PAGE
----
THE two Gana men never imagined they would find themselves on other continents thousands of kilometres away from their ancestral lands in the Central Kalahari Game Reserve in southern Africa. But the fight to save their homelands and their people recently led Roy Sesana and Jumanda Gakelebone to the US, Britain and Norway.
They want the world to know of the Botswana Government’s brutal eviction of the Gana and Gwi (traditionally known as ‘Bushmen’) from the ancestral lands they have inhabited for more than 20,000 years. Forced into grim resettlement camps they call ‘places of death’, about 2,500 Gana and Gwi and the neighbouring Bakgalagadi are struggling to survive.
‘We are dying now in the resettlement camps,’ Roy Sesana, an elder and shaman, said during his visit to London. ‘We depended on what is on our land and we managed to survive. We know that land. We know where our ancestors are. Now we’ve been pushed into the hands of the Government.’ This Government, they say, has used torture and intimidation, has banned hunting and gathering, and has shut off water supplies in order to expel them.
But these indigenous peoples are fighting back against the Government and the forcible relocations they suffered in 1997 and 2002. They formed an organization to protect their rights, the First Peoples of the Kalahari - currently chaired by Roy Sesana - and took the Government to court. ‘We have human rights,’ says Sesana. ‘We are people. We have to be respected. No matter what kind of development, it has to be discussed with us.’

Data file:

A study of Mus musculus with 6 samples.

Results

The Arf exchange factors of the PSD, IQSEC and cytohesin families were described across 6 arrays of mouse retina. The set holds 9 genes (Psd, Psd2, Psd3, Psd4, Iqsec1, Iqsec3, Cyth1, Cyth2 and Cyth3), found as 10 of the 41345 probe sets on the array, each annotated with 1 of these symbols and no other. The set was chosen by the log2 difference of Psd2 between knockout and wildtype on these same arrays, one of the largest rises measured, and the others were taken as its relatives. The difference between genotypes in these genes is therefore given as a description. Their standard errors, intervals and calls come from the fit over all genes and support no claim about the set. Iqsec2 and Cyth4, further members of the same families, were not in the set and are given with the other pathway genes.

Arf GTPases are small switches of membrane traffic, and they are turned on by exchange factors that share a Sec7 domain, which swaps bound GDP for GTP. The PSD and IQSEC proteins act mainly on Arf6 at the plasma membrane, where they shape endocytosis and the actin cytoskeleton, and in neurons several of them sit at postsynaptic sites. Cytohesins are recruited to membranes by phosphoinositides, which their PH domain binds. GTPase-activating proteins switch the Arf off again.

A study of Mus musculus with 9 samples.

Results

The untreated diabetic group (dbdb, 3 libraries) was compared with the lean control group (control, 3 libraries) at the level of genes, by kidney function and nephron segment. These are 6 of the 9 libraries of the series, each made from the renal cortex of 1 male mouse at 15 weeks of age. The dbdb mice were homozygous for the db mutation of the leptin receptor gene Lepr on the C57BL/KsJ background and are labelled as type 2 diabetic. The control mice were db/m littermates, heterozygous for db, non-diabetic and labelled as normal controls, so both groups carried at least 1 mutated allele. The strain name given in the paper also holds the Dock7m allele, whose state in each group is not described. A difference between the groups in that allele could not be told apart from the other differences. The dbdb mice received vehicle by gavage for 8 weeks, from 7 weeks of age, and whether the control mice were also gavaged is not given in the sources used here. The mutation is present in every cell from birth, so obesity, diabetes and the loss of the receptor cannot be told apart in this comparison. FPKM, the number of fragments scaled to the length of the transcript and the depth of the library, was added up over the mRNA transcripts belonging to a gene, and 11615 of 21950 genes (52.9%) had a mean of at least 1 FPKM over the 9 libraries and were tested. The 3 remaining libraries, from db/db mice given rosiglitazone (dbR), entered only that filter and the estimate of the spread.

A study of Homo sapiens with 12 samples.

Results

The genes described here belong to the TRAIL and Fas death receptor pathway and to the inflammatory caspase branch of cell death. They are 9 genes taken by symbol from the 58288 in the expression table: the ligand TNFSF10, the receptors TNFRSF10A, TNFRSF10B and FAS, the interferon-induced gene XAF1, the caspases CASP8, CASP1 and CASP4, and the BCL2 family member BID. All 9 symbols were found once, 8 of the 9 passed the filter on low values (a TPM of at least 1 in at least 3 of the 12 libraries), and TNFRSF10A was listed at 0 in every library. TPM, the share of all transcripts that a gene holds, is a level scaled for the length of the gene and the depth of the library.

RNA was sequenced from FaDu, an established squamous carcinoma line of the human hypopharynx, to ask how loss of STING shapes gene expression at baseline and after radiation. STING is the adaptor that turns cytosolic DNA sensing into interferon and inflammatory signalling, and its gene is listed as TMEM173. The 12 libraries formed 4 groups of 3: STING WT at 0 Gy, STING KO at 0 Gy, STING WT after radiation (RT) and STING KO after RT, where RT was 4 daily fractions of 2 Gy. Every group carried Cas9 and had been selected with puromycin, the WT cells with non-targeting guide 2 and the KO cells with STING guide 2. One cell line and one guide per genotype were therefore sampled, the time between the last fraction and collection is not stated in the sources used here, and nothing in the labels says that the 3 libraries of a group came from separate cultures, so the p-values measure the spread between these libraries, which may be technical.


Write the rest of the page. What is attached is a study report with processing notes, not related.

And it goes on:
Roy Sesana and Jumanda Gakelebone say that it is no coincidence that the forced removals coincided with diamond prospecting in the area. The vast grasslands of the Kalahari - the home and hunting grounds of the Gana and Gwi - contain diamond deposits in a country renowned as one of the world’s leading diamond producers. ‘We have been evicted for mining concessions and tourism,’ Roy Sesana explains.
The court case reconvened in November after being adjourned last July. The Gana and Gwi have appealed for international support in their efforts to return to their ancestral land.
‘There is no democracy for us,’ says Roy Sesana. ‘If there were democracy in Botswana, there would be no need for me to sit here today and ask for your help.’
Their hopes of returning to the Kalahari now rest on the legal challenge. ‘If we lose this case,’ says Roy Sesana, ‘it will be the end of Bushmen and the end of the Bushman culture.’